Hailey revises comp plan

Economic Development section encourages healthy and diverse community center

Express Staff Writer

The city of Hailey took a step toward ensuring its long-term economic viability Monday night when the city council unanimously approved a revised Economic Development section of the city’s comprehensive plan.

The section defines six economic goals the city should strive to accomplish in the central business district; in service, office park and industrial expansion; with home businesses; with marketplace standards; and with the town’s commercial infrastructure.

Those goals represent a significant expansion on the old plan’s economic development goals of creating "opportunities for diverse economic development compatible with the community’s environment" and minimizing the tax burden on city residents.

The four-page Economic Development section is a small part of the 61-page comp plan written in 1982 that the city began revising four years ago. A comp plan guides land use for 20 to 30 years, the 18-year-old document’s introduction says.

City planners had been reworking the economic development section since before 1998, when the P&Z passed along revisions to the city council for final approval.

Since then, the section has gone through apparently innumerable revisions.

On Monday night, councilman Rick Davis said, "We can finesse this thing to kingdom come , but we have to be realistic. This thing is as good as it’s going to get."


Separately, city officials worked with Blaine County animal control officer Kevin McMullin on revising Hailey’s animal control ordinance.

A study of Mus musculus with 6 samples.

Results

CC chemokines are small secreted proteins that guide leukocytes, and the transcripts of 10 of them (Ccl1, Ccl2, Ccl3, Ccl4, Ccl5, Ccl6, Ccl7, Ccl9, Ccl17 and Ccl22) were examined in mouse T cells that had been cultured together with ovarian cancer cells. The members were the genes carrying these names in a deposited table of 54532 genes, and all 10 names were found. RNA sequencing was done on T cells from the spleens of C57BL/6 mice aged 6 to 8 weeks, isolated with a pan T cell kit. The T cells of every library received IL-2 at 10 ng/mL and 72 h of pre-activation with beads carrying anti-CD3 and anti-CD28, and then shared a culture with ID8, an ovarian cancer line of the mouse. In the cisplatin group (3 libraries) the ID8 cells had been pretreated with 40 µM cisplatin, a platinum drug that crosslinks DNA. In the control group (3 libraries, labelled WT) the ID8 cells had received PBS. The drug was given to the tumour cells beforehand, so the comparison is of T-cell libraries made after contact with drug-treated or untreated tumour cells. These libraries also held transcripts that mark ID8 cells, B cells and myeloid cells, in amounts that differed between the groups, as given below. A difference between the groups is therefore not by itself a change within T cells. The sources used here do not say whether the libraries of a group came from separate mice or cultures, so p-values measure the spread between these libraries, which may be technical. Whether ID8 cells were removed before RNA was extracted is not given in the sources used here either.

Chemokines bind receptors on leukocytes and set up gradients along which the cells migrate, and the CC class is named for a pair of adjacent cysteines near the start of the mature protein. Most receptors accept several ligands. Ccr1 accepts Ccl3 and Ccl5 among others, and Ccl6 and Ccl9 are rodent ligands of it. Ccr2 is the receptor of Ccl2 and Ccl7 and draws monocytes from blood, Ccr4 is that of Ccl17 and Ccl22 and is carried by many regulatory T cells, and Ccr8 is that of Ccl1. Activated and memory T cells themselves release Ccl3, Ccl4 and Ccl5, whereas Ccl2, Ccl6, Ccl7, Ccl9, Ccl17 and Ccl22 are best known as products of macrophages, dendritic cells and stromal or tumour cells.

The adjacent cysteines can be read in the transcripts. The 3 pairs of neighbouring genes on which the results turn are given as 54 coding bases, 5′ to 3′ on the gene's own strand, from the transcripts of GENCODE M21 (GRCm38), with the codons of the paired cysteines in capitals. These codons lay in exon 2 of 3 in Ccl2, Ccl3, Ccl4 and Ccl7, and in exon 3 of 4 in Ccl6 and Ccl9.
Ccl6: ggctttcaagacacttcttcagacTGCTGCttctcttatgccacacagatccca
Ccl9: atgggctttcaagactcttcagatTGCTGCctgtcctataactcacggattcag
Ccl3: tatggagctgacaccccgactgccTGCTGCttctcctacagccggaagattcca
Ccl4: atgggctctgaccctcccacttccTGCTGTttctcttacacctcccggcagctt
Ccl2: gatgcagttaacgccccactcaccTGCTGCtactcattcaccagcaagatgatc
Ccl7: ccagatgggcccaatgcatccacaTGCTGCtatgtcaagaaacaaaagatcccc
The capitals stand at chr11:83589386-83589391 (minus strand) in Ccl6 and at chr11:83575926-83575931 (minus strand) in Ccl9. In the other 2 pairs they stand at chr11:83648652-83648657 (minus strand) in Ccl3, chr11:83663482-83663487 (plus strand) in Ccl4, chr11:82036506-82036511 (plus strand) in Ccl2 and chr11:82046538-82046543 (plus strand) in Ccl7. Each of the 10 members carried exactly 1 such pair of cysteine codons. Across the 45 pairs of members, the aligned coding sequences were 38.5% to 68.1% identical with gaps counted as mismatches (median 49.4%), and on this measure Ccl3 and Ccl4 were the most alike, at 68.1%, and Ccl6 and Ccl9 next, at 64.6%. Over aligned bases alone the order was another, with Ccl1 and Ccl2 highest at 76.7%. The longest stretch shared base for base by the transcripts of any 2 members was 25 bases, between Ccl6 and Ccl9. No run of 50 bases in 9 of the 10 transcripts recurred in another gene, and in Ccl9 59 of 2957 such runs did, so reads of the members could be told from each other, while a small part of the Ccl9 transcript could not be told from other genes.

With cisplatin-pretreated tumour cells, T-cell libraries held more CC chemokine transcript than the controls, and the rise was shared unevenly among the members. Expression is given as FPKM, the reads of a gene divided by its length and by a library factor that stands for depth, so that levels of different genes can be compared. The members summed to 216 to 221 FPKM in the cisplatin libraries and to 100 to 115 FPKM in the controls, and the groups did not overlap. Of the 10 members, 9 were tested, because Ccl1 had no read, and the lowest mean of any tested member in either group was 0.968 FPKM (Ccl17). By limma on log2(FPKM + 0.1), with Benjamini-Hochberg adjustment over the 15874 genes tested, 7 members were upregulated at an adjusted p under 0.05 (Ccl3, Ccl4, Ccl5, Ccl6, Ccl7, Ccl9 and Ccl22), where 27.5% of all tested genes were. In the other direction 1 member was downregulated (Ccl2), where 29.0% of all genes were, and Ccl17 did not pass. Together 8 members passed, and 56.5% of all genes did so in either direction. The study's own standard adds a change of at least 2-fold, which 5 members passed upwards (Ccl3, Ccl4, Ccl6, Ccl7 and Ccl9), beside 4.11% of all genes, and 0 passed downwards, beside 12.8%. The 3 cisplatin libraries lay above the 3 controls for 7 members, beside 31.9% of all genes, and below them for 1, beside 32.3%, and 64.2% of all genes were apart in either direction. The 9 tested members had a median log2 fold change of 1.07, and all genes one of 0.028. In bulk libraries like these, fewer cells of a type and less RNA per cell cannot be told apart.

McMullin suggested Hailey begin implementing a graduated schedule of fines that increase after the first offense.

On first offense, the owner of an impounded animal that is neutered or spayed would incur $65 in fines and other expenses, while the owner of a non-neutered or non-spayed animal would pay $145.

On the second offense, the costs would be $75 and $225 respectively. And on the third offense, the costs would be $125 and $325 respectively.

City attorney Susan Baker said the city could not impose mandatory neutering or spaying for impounded animals because pets are private property.

Officials also discussed whether citizens should be allowed to impound stray animals, and if so, whether a fine should be incurred.

Mayor Brad Siemer said that would create a way for disgruntled neighbors to retaliate against each other.

"I want to make sure we don’t have an ordinance that opens it up to neighbors against neighbors," he said.


Monday night, the city council also gave final approval to a new power franchise agreement between the city and Idaho Power Co.

The agreement, among other things, provides an incentive for the city and Idaho Power to work together at burying new and replaced power lines.

The agreement also provides for a 1- to 3-percent franchise fee to be charged customers on electricity bills.